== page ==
Owners of Pharma Bro's Wu-Tang Album Revealed

The collective PleasrDAO created an NFT as part of the complex deal
By Rob Quinn,  Newser Staff
Posted Jul 27, 2021 6:00 PM CDT
Updated Oct 20, 2021 1:02 PM CDT
Feds Sell Pharma Bro's Prized Wu-Tang Album
This Thursday, Feb. 4, 2016 photo shows Martin Shkreli following his appearance before the House Committee on Oversight and Reform,   (AP Photo/Susan Walsh, File)

Update: We now know where Martin Shkreli's prized Wu-Tang album landed. The collective PleasrDAO took ownership of "Once Upon a Time in Shaolin" in early September, in what the New York Times calls a "complex" $4 million deal involving the creation of an NFT through which the collective's 74 members share ownership of the deed to the album. The paper describes the fledgling collective as having "already built a reputation for acquiring high-profile digital works." The album is being held in a New York City vault, and the collective says its goal is to get the music to fans' ears, possibly via listening parties or by somehow increasing the number of deed owners—if PleasrDAO can get out of Wu-Tang's stipulation it not be released to the public until 2103. Our article from July 27 follows:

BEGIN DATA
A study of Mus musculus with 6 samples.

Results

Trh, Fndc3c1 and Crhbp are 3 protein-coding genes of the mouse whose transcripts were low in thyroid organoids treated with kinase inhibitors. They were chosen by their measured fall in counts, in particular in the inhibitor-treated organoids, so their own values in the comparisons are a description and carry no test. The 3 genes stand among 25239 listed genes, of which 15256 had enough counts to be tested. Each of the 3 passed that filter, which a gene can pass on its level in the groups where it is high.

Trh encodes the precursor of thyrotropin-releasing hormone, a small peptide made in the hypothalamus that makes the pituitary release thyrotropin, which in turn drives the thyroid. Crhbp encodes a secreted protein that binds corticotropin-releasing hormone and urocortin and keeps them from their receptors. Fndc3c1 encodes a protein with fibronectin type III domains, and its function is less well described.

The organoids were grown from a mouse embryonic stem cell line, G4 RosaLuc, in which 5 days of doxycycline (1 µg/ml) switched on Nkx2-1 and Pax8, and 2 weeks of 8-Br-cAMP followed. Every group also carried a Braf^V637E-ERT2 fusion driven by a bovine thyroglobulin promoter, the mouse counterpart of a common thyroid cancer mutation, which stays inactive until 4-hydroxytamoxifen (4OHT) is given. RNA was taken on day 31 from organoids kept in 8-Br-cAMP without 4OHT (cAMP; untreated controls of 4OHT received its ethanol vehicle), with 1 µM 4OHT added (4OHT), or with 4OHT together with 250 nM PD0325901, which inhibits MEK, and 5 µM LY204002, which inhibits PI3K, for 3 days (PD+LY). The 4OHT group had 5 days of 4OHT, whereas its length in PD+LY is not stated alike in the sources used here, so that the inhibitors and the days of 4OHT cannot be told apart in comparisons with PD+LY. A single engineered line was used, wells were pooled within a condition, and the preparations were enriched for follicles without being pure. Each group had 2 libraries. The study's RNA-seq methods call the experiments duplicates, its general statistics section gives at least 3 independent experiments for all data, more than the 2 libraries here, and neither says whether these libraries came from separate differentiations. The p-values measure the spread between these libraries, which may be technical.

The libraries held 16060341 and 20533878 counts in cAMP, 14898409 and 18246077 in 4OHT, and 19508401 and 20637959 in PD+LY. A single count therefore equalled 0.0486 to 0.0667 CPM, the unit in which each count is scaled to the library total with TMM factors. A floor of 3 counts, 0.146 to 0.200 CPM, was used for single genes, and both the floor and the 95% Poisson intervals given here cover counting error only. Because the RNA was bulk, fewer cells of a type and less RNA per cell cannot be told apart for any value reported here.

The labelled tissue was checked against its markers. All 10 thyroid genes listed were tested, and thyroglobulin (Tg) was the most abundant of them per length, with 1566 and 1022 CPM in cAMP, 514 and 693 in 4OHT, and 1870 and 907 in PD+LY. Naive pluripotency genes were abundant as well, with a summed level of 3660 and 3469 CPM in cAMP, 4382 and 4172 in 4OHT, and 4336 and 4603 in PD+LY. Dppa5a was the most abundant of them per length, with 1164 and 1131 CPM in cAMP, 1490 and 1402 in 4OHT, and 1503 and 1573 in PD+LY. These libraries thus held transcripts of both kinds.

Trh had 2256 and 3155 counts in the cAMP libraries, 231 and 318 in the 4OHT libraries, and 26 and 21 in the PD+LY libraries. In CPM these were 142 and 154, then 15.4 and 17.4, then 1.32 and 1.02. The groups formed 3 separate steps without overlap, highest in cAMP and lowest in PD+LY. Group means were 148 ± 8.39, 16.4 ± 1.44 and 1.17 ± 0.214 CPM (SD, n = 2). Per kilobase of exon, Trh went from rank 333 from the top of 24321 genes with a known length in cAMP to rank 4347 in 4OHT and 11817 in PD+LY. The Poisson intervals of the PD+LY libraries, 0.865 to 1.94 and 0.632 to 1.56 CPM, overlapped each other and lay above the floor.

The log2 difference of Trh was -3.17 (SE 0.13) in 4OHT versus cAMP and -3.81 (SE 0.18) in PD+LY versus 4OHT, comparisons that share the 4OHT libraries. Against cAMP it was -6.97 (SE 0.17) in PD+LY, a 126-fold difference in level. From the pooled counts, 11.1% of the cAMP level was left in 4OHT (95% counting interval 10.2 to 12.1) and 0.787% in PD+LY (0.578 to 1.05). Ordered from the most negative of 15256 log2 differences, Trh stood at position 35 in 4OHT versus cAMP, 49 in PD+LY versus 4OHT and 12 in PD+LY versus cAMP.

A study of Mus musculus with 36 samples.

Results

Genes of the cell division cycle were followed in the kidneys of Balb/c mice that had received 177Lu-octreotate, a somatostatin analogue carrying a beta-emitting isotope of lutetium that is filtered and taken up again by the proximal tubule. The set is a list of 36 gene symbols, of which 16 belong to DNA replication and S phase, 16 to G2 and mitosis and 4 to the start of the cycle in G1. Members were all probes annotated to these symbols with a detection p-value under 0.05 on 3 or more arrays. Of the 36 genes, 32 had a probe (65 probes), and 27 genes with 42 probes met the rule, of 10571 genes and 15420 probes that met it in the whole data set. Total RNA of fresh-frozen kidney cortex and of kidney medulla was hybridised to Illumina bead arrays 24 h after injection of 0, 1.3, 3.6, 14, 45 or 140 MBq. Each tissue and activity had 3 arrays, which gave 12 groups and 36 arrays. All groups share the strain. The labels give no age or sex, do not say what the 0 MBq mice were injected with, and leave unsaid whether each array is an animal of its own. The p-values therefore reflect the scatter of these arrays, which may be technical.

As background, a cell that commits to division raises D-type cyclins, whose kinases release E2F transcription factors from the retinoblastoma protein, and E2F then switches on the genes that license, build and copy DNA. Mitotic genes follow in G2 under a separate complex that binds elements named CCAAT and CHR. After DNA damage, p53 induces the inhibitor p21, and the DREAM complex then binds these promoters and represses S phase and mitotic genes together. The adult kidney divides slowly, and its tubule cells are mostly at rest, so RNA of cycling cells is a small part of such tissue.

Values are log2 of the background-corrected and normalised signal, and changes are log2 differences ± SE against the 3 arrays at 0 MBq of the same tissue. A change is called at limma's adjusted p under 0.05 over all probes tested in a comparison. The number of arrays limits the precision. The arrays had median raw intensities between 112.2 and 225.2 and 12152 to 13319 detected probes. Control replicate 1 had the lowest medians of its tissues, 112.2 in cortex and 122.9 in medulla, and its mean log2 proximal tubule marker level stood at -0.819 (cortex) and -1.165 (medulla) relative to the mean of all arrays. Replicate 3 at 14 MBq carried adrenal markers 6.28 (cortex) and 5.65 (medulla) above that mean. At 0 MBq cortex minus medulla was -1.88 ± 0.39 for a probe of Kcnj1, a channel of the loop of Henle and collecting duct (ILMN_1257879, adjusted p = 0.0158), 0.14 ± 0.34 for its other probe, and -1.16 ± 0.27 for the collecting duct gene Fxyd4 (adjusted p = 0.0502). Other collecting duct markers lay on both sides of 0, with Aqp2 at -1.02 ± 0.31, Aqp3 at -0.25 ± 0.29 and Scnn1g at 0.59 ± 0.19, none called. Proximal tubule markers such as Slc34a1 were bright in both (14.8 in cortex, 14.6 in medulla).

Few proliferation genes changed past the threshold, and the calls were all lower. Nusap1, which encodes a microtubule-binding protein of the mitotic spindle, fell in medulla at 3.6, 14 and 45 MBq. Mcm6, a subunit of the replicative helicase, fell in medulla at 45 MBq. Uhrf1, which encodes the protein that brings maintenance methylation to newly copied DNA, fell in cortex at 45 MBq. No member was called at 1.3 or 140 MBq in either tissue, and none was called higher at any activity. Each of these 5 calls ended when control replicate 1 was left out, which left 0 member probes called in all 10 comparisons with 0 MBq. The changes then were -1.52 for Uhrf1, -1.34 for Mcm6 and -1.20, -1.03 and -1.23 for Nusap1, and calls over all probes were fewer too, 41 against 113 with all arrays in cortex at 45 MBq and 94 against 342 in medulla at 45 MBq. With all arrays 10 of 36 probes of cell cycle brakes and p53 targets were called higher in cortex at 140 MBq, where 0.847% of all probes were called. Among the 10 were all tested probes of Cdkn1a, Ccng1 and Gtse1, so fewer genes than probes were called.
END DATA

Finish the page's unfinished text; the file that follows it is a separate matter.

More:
"Pharma bro" Martin Shkreli is serving a seven-year sentence for defrauding investors—and his prized one-of-a-kind Wu-Tang Clan album won't be waiting for him when he gets out. The government has sold the "Once Upon a Time in Shaolin" album, three years after it was forfeited as part of Shkreli's conviction, CNBC reports. Prosecutors declined to disclose the buyer or the sale price, but they said the sale had completed Shkreli's payment of a $7.4 million forfeiture judgment. Shkreli attorney Benjamin Branfman said the sale price was "substantially more than what Mr. Shkreli paid for it." No other physical or digital copies of the album are known to exist.

"Shkreli has been held accountable and paid the price for lying and stealing from investors to enrich himself," said Jacquelyn M. Kasulis, Acting US Attorney for the Eastern District of New York, per NPR. "With today's sale of this one-of-a-kind album, his payment of the forfeiture is now complete." Shkreli paid a reported $2 million for the 31-track album in a 2015 auction. The Wu-Tang Clan later dissed Shkreli in a song and Wu-Tang member RZA said a "significant portion" of the album sale proceeds had been donated to charity. (Last year, a judge rejected Shkreli's "delusional" request to be released so he could study COVID-19.)